Robert F Worth writes: One morning in mid-December, a group of soldiers banged on the door of a house in eastern Aleppo. A male voice responded from inside: “Who are you?” A soldier answered: “We’re the Syrian Arab Army. It’s O.K., you can come out. They’re all gone.”
The door opened. A middle-aged man appeared. He had a gaunt, distinguished face, but his clothes were threadbare and his teeth looked brown and rotted. At the soldiers’ encouragement, he stepped hesitantly forward into the street. He explained to them, a little apologetically, that he had not crossed his threshold in four and a half years.
The man gazed around for a moment as if baffled, his eyes filling with tears. The regime of President Bashar al-Assad had just recaptured the city after years of bombing and urban warfare that had made Aleppo a global byword for savagery. This frail-looking man had survived at the war’s geographic center entirely alone, an urban Robinson Crusoe, living on stocks of dry food and whatever he could grow in his small inner courtyard. Now, as he stumbled through an alley full of twisted metal and rubble, he saw for the first time that the front lines, marked by a wall of sandbags, were barely 20 yards from his house.
Three months later, in March, he sat with me under the tall, spindly orange tree in his courtyard and described how he barricaded himself in when the fighting started. He goes by the name Abu Sami, and he has the mild, patient manners of a scholar; he taught at Aleppo University before the war. In the early days of the rebel takeover, he said, his nephews used to drop by with fresh bread and meat. But starting in 2013, the shelling grew worse, and he would go six months or more without seeing another human face. There was no water, no electric light; he gathered rainwater in buckets and boiled it and used a small solar panel to charge his phone. He made vinegar from grapes he grew in the courtyard. He treated his illnesses with aloe and other herbs he grew in pots. Once, when a rotten tooth became too painful, he yanked it out with pliers. He cowered by his bed when bombs shook the house to its foundation.
Most of all, he sustained himself by reading. He carried out a stack of books from his bedroom to show me: treatises by Sigmund Freud, novels by Henry Miller, histories of science and psychology and religion and mythology and cooking, a book on radical theater by the American drama critic Robert Brustein. Some were in Russian, a language he learned as a young man. “I read these things so I wouldn’t have to think about politics or current events,” he said. He read plays — Shakespeare and Molière were favorites — and in his solitude, he found that he was able to see the entire drama acted out in his mind, as if it were onstage.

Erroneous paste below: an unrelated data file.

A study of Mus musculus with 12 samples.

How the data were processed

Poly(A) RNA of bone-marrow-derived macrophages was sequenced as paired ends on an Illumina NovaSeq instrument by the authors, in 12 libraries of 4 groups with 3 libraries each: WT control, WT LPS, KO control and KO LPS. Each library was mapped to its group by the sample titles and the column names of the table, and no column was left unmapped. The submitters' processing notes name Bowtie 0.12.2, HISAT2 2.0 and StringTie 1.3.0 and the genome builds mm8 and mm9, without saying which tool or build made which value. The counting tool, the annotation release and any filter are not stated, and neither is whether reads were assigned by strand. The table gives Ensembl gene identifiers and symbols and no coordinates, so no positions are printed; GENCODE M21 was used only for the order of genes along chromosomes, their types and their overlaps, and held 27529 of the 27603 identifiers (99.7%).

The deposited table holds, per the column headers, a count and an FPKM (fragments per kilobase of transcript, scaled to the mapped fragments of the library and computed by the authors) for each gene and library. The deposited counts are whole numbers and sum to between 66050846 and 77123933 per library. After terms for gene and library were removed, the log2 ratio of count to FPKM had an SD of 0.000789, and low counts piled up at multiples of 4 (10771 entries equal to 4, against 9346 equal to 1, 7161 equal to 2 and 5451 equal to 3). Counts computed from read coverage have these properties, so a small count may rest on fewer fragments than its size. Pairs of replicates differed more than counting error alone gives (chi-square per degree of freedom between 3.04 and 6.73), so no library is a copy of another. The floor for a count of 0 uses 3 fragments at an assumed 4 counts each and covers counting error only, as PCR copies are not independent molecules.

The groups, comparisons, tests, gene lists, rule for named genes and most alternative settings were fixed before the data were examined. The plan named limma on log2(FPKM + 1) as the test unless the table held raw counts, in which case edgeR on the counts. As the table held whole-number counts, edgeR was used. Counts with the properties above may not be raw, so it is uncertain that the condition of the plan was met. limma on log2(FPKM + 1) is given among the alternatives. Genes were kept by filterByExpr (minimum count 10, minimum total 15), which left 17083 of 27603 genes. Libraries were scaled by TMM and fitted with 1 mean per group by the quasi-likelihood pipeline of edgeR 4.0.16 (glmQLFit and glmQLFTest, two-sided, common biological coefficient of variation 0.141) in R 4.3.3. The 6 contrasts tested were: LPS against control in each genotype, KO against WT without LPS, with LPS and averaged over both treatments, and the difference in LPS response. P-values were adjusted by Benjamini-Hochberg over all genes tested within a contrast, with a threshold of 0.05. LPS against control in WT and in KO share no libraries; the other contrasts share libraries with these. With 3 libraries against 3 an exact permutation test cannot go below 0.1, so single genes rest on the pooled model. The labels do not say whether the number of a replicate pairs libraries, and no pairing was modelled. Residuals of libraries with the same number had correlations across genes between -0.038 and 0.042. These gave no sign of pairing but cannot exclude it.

He led me upstairs to see his dusty study, where the walls and ceiling were shredded with dozens of small shrapnel holes that let in fingers of sunlight. He picked up a bomb fragment, rolled it in his palm and laughed. He pointed to the house next door, where his neighbor, a quiet man who kept pigeons on the roof, had lived until a group of rebels arrived, shouting, and dragged him from the door. They brought back his corpse half an hour later.
I asked Abu Sami why he never left. He gave the same answer that so many others gave me: because it was his house. And because day after day, year after year, he kept thinking, Surely this war is about to end. [Continue reading…]
Worth interviews a factory owner, a lawyer, a gay shopkeeper and someone who calls himself O-Assad. That’s likely to produces results that make the rebels look like vermin.
People are not merely categories. As a category, Abu Sami could neatly be slotted in with other academics finding refuge among his books and seclusion — but that would be a dreadfully narrow reading of his story.
Unfortunately, when it comes to Syria or any other issue around which activists are aligned, the only narratives deemed worthy of consideration are those that buttress the activist narrative. Those who impose on themselves this kind of starvation diet might find comfort in the internal coherence of the world they’ve constructed. I, on the other hand, prefer to include more of the world’s many ambiguities.